Saturday, November 11, 2017

A Chicago company is negotiating with Walworth County landowners about installing two solar panel arrays that each would generate 200 megawatts of electricity.

One of the arrays would be built in the town of Walworth and town of Sharon, according to a letter sent to landowners.

The other would be built west of the village of Darien along Interstate 43, said Neil Palmer, Invenergy project consultant.

Each of the arrays would require about 1,400 acres and would be the biggest ever built in Wisconsin, Palmer said.

The array west of Walworth would connect to an electrical substation south of Brick Church Road and west of Kikkoman Foods.

The Darien array would connect to a substation west of the village of Darien, Palmer said.

Invenergy also is pursuing solar array projects in Kenosha and Iowa counties, he said.

If the projects go smoothly, they could begin producing electricity by late 2020, Palmer said.

An Oct. 31 article on Inc.com describes Invenergy as “the largest independent renewable energy provider in North America.” A letter from the company to landowners in Walworth County lists an Invenergy address in Chicago.

The Invenergy website indicates the company has more than 100 projects in development or operation in the United States, Canada, Europe, Japan and Latin America and is “leveraging innovative design and next-generation technology to create a new paradigm for energy production.”

Palmer said the Walworth County sites were chosen because of their proximity to electrical substations and high-voltage transmission lines.

“As close to the substation as you can get is where you want to be,” he said.

He said they look for flat land with a southern exposure and few roads and few bodies of water.

“That usually leads to crop or pasture-type land,” Palmer said.

Landowners would lease their land for 25 years.

“We’ve found interest,” Palmer said. “Nobody has beat our door down and said, ‘Take our signed contract,’ but it was enough for us to hold a meeting.”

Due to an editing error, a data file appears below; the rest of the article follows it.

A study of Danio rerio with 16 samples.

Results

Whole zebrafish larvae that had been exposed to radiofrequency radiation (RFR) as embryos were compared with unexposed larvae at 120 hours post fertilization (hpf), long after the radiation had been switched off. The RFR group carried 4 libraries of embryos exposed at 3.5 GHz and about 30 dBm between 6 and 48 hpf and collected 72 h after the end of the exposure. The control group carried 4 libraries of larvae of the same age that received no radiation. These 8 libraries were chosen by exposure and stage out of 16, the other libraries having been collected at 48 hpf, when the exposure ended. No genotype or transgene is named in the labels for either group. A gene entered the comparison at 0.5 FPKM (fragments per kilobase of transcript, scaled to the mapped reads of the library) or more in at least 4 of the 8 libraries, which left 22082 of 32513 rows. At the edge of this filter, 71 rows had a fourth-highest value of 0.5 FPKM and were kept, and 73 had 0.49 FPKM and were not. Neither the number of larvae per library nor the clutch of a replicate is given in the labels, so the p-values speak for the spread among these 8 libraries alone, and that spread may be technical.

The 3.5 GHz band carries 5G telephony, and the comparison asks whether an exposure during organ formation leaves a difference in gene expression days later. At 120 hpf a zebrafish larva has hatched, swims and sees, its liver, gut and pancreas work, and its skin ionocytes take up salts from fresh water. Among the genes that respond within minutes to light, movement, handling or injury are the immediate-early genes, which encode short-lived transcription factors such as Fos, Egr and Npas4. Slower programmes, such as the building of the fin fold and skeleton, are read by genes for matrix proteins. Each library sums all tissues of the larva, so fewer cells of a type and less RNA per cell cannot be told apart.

Solar leases allow farmers to diversify their income, he said.

“Corn prices are down. Bean prices are down. It is a very tough life. This gives them a diversification of their revenue,” he said.

The solar projects would require approval primarily from the state Public Service Commission and the state Department of Natural Resources, Palmer said. At the county level, Invenergy would seek conditional-use permits in agricultural zoning.

“I’m very comfortable that we’ll be successful with that,” he said.

Palmer estimated that if permit applications are submitted to the state in the first quarter of 2018, the arrays could be generating electricity by late 2020.

Palmer said Invenergy is in negotiations with Wisconsin utilities that would buy the electricity. He said Wisconsin utilities need generation, are looking to modernize their fleets and solar is now economical in Wisconsin. Some estimate that the cost of solar electric generation has dropped 90 percent in five years, he said.

Newley Schooler, a NexGen Right of Way Services land agent meeting with landowners about the projects, said he and others have been talking to landowners for “two to three months.” Some landowners are interested, and some are not.

“We’re in the initial stages here, yet. We’re trying to get a few more people involved,” Schooler said.

Invenergy is proposing to lease, not buy, land for the solar arrays. Landowners would receive payments per acre on a yearly basis, Schooler said.

The project would not involve the use of any eminent domain, Schooler said.

“It’s truly up to the community, the landowner, if they want to diversity their income,” he said. “Not everybody will participate. That’s just the fact of the matter.”

Invenergy has retained ownership of some projects it has built. Other projects have been sold to other companies, Schooler said.